User-facing components performing well, says project overseer Jeffrey Zients. But questions remain whether the back end will work for insurers.
Downtime, error messages, and incorrect data dogged the site from the moment it went live on October 1. During some weeks in October, the site was down an estimated 60% of the time, according to the Progress and Performance Report released December 1 by the Department of Health and Human Services (HHS). But HealthCare.gov's performance has improved steadily following a series of congressional hearings; an overhaul of the team of vendors developing the site, whereby Columbia, Md.-based Quality Software Services Inc. was named general contractor; and the installation of Obama go-to performance official Jeff Zients as project overseer.
"The site is now stable and operating at its expected capacity," Zients said in a Sunday morning conference call with reporters. By "expected capacity," Zients was referring to a target of 50,000 users per hour, 800,000 in a given day.
Site fixes and improvements continued up to the November 30 deadline. "More than 50 bug fixes were installed [Saturday] night, many for improvements in the backend of the system," Zients said. In all, contractors working on the site made more than 400 fixes and software improvements since the October 1 launch date, he said.
The troubleshooters installed dedicated hardware to eliminate the bottleneck for the registration database, achieving a fourfold performance improvement, Zients said. The core database now runs on 12 dedicated servers with upgraded storage.
Jeffrey Zients addresses the possible government shutdown earlier this year.
Another significant improvement was to the system's firewall. "The firewall was a constraint on capacity and throughput, so it was upgraded," achieving a five-fold improvement, Zients said.
When HealthCare.gov was launched on October 1, the average time for the system to respond to user input was eight seconds; for the past three weeks, the average response time has been under one second, Zients said. Site errors were occurring 6% of the time in October; as of November 29, errors were occurring 0.75% of the time, he said.
Questions remain, however, about backend components of the site. Are insurers receiving the correct information from consumers for plans they're enrolling in? Is the government providing the correct information about subsidies consumers might be eligible for? And is the government ready to pay those subsidies to the insurers? The New York Times and others reported that Zients' team prioritized improving the citizen-facing portion of the site, deferring repairs and improvements to the backend components.
Karen Ignani, CEO of the trade group America's Health Insurance Plans, acknowledged that "Healthcare.gov and the overall enrollment process continue to improve," but she said the most significant backend issue that still must be addressed is "the ongoing problems with processing 834 enrollment files" -- the forms that give insurance companies basic information about would-be customers.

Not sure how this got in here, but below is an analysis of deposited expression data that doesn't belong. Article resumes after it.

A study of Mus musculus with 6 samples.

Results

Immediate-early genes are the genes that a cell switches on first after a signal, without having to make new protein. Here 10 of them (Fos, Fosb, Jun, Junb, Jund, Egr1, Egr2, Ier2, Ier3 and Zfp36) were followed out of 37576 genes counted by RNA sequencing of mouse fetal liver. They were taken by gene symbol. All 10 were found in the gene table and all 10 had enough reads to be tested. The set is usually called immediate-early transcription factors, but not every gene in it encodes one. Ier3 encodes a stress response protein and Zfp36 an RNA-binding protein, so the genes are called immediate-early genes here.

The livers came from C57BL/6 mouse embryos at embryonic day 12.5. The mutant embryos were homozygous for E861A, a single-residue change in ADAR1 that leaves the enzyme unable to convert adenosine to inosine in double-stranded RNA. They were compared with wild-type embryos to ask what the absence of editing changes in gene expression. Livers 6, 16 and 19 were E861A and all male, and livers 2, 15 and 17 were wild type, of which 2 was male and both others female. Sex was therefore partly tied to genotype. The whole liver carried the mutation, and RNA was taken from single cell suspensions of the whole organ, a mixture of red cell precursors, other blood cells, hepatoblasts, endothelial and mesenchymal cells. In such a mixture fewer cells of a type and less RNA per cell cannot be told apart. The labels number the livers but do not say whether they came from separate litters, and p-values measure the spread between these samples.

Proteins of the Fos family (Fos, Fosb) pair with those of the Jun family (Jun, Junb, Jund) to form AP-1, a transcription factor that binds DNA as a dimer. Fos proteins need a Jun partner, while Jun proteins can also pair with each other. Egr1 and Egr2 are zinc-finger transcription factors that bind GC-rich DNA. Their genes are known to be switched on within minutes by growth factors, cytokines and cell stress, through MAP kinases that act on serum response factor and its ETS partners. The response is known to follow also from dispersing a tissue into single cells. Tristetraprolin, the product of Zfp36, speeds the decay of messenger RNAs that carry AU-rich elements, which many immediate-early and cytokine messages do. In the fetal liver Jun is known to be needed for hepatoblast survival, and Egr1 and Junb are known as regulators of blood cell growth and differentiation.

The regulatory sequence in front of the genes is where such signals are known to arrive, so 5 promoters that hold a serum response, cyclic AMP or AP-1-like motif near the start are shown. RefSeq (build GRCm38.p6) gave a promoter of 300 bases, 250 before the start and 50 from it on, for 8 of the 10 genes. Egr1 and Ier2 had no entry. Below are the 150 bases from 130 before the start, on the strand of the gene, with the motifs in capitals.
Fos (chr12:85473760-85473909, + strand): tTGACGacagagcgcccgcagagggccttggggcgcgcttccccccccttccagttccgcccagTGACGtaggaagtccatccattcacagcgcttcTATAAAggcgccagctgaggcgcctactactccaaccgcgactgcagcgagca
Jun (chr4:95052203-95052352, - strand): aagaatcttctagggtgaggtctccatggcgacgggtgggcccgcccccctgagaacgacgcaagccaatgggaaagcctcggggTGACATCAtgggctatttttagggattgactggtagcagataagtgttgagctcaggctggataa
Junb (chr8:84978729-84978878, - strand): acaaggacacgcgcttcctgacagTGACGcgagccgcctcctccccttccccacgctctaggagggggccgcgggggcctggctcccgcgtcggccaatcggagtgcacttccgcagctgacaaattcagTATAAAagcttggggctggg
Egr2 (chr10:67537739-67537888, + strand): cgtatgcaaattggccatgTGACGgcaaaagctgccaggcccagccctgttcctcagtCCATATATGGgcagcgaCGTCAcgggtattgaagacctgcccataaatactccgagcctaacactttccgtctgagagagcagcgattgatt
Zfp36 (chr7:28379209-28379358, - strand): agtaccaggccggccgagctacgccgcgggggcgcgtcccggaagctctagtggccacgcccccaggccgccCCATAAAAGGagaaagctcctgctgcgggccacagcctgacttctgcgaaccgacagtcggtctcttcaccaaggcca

With most HealthCare.gov insurance plans set to go into effect Jan. 1, 2014, the biggest question will be whether the troubleshooting team can make all needed improvements in time, especially as Zients is moving on in January to become the director of the National Economic Council.
Speaking on NBC's Meet The Press on Sunday morning, Rep. Mike Rogers (R-Mich.) focused on the security of HealthCare.gov. "The security of this site and the private information does not meet even the minimal standards of the private sector, and that concerns me," Rogers said.
"I don't care if you're for it or against it, Republican or Democrat," he continued. "We should not tolerate the sheer level of incompetence securing this site. And remember how much personal information is not only there, but all of the sites that the hub accesses would expose Americans' personal information in a way that is breathtakingly bad."
But Ezekiel Emanuel, a former health policy adviser to President Obama and now a professor at the University of Pennsylvania, called the recent site improvements "good enough progress."
"Clearly, just like Google and Facebook and all the other Internet sites that are constantly tweaking their sites, constantly improving them, this one still has a ways to go," Emanual said. "I, in particular, want the 'shop and compare' [feature] to improve. That's a key area where people can see what's available, what the prices are."
You can use distributed databases without putting your company's crown jewels at risk. Here's how. Also in the Data Scatter issue of InformationWeek: A wild-card team member with a different skill set can help provide an outside perspective that might turn big data into business innovation. (Free registration required.)
. We've got a management crisis right now, and we've also got an engagement crisis. Could the two be linked? Tune in for the next installment of IT Life Radio, Wednesday May 20th at 3PM ET to find out.